Social media is a tempting target
It's no news that Facebook is riddled with privacy pitfalls that have outraged users for some time. But it's less publicized that as the mammoth social networking site becomes a platform for business marketing, Facebook is becoming a tempting target for hackers hoping to breach the firewall, as is LinkedIn, the popular networking site for professionals. "During this six-minute demo, more than 450,000 posts of malicious content, spam, spyware, phishing, and fraud will be posted onto Facebook," said Websense CTO Dan Hubbard as he pitched his product on the Demo stage.
Websense's Defensio 2.0 product is specifically designed to improve Facebook security. The company says it wrote the application from scratch with help from the Facebook development team. It scans Facebook content, including wall posts, videos, photos, comments, and URLs, but not the operating system.
The application can reject inappropriate Web links and filter out comments, detect harmful scripts and malicious code, and allow users to automatically manage comments with predefined filters, the company says. It can also deliver an alert when unwanted content is detected.
A stupid war that needs to end
I don't want to belabor the war metaphor, but the hostility engendered by the rise of new technologies can be destructive. Sure, there will always be tension between users and IT, and that can be a good thing when it represents different groups trying to do their jobs as well as possible.
But sneaking behind the back of IT is not healthy, and many users are blissfully -- and dangerously -- unaware of the security and privacy rules mandated by laws like Sarbanes-Oxley and HIPAA. Breaking those rules can result in serious consequences for employers.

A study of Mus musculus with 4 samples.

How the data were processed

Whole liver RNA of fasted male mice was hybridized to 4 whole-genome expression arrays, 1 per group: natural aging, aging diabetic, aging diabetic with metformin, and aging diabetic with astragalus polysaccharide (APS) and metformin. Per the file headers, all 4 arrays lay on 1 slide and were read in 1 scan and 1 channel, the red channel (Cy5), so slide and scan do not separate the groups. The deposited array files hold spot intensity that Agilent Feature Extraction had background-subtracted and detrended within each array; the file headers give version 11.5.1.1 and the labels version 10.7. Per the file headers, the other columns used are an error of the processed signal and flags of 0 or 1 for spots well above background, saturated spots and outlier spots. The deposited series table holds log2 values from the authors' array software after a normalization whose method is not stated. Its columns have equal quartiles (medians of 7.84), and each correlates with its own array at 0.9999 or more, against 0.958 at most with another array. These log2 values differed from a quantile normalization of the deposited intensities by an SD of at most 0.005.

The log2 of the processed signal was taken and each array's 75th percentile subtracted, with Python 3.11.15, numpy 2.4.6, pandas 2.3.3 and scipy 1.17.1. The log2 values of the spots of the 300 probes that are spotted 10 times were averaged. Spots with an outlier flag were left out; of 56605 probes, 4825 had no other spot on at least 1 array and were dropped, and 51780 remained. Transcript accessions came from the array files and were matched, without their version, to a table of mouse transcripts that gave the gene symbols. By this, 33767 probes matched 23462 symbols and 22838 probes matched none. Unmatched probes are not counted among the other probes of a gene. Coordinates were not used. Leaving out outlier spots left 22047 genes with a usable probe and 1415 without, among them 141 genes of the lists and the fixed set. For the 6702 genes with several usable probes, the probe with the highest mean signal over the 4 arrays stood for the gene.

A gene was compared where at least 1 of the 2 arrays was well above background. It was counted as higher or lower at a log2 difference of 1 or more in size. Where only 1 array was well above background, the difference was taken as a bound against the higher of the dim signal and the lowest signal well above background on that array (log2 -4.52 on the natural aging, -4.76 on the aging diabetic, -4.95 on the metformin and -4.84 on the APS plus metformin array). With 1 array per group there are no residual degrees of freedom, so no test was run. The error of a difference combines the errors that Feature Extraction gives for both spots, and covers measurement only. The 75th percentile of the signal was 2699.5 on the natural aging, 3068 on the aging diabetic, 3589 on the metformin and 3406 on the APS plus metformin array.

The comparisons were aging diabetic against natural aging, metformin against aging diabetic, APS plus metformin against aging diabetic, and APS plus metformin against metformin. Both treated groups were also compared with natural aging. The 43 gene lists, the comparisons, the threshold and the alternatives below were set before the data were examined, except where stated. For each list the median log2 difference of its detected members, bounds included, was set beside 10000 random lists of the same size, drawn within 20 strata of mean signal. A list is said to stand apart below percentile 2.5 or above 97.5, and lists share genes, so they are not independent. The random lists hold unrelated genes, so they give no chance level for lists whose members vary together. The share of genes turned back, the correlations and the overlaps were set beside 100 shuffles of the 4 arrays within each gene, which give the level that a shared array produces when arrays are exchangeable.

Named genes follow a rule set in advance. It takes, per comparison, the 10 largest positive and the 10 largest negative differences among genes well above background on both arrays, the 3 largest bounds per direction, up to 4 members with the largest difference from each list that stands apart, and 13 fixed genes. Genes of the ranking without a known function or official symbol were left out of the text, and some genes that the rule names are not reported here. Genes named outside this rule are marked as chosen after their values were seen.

Neither is it healthy for IT to get in the way of a company's primary mission: selling goods or services. We've all run up against control-freak IT types who seem to forget that users need to get their jobs done as well.
Wars often have the unintended consequence of spinning off socially useful products and technologies. If Divide, Defensio, and similar products work as advertised, I hope we'll see a lessening of hostilities in the war between IT and users. In any case, there's a great opportunity for vendors to play peacemaker and be well rewarded for the effort.
This article, "Consumer tech is coming to the workplace, so stop fighting it!," was originally published by InfoWorld.com. Read more of Bill Snyder's Tech's Bottom Line blog and follow the latest technology business developments at InfoWorld.com. For the latest business technology news, follow InfoWorld.com on Twitter.